When you’re working with your custom home building professionals to create a floor plan that’s right for you, in all likelihood you’ll be considering a multi-level home.
Laying out your home in several floors adds stately height from the outside while providing a natural separation between living, sleeping, entertaining and working spaces.
If you plan out your home on multiple levels, you’ll need a way to get from one to the other. That’s where a staircase comes in.
While you might think that this fixture is all function, the reality is that the form of your stairway can make a big impact on the personality of your space!
A Grand Entrance
If you’re considering a large entryway or foyer in your house, you might want to consider a statement staircase to match. One such statement is an arched staircase, a flight of stairs that gently curves up in a semi-circle shape. These are usually placed in the entryway both for space and because of the elegant atmosphere they create.
Another option for really spacious floor plans is the bifurcated staircase. One large set of steps splits into two smaller flights, creating a look similar to a fairytale. You’ll see these most often in historic houses, and if you want to harken back to vintage class, this might be right for you.
A Straight Shot
Sometimes simplicity and functionality are the highest priority. When that is the case, a simple straight staircase is easy to climb up and down and relatively space efficient. These can be enclosed or partially enclosed, offering versatility. They are also affordable to install.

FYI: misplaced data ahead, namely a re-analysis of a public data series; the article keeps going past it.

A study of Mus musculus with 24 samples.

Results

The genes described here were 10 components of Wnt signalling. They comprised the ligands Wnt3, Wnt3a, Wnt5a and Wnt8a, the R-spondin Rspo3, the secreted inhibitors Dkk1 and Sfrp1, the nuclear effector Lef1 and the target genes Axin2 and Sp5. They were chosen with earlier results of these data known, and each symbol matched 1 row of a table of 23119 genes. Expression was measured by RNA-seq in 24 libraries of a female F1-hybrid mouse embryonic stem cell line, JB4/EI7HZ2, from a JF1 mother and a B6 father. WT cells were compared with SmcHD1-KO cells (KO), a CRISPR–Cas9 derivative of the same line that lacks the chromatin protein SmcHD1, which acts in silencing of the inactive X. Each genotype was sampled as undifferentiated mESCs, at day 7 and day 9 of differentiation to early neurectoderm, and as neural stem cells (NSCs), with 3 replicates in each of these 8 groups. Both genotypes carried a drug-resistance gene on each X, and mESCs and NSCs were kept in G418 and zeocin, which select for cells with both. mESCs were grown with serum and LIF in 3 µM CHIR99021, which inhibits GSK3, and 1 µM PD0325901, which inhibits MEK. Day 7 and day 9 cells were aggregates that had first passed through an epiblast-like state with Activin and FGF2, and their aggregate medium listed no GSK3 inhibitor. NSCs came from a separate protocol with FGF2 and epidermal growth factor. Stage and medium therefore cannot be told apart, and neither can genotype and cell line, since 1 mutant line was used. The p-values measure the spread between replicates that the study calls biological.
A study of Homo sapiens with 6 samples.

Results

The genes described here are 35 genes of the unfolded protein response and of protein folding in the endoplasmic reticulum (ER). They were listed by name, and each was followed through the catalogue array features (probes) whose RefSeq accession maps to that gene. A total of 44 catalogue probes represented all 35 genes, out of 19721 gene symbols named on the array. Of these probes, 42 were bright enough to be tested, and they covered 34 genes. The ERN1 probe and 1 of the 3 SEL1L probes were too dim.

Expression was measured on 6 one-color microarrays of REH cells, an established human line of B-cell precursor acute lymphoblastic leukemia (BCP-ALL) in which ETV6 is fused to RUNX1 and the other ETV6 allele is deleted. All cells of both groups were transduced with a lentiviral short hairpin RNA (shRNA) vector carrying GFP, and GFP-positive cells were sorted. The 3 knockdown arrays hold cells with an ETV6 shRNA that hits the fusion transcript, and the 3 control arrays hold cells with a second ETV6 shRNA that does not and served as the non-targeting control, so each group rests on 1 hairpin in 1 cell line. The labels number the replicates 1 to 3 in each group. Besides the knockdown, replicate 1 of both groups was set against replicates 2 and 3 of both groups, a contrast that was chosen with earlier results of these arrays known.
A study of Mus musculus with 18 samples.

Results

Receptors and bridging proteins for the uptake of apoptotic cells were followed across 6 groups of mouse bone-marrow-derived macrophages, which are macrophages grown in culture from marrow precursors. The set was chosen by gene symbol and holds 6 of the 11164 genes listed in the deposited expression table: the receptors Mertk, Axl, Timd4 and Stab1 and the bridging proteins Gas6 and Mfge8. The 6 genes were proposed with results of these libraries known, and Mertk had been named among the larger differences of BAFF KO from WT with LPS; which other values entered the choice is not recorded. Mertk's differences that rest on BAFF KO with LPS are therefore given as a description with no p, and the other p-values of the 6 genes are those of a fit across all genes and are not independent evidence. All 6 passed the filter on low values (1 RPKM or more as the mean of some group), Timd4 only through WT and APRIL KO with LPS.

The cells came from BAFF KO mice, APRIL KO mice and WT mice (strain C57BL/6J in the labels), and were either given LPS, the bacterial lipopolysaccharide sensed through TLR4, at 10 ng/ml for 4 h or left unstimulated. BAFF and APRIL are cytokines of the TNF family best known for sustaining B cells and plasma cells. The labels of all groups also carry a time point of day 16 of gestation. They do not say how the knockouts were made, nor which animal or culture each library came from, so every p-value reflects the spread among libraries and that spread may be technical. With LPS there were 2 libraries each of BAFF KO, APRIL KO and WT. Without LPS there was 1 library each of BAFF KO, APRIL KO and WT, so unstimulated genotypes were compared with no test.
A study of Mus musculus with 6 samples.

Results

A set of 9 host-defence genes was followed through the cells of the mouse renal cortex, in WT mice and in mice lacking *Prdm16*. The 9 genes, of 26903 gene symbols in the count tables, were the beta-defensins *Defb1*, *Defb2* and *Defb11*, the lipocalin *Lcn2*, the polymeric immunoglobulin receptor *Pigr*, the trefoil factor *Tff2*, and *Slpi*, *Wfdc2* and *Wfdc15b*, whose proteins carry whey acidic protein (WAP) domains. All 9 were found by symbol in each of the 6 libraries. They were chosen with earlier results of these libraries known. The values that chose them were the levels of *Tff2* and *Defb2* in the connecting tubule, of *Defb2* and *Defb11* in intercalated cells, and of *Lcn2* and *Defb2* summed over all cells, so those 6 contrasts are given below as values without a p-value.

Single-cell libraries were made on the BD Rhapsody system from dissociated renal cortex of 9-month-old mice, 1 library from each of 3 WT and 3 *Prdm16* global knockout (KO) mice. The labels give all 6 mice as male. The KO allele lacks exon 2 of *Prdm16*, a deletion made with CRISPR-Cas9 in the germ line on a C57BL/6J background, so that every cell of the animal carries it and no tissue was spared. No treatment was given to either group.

If the distance your stairs need to cover is fairly long however, a straight stair might end up becoming cumbersome to account for. Adding a landing and a partial or full U-turn can keep the flight still easy to climb, but makes it more space efficient. You might have noticed that this is the default stair configuration for tall and compact buildings like hotels and office structures. Many variations on this design exist, with stairs turning either 90 or 180 degrees at the landing.
A Winding Way
If you have very limited space and need to reach a loft or a finished attic, a spiral staircase might suit your needs. Usually made from sturdy metal and primarily supported by a center pole, this design is classic and simple.
Winder stairs are a best of both worlds scenario that combines u-shaped stairs with a curve, the middle steps being wider on one side than the other in order to turn around without using space on a landing.
Because stairs are such a significant installation, you’ll want to make sure they’re accounted for in your designs from the very beginning. If you need help choosing the right option for you, contact us!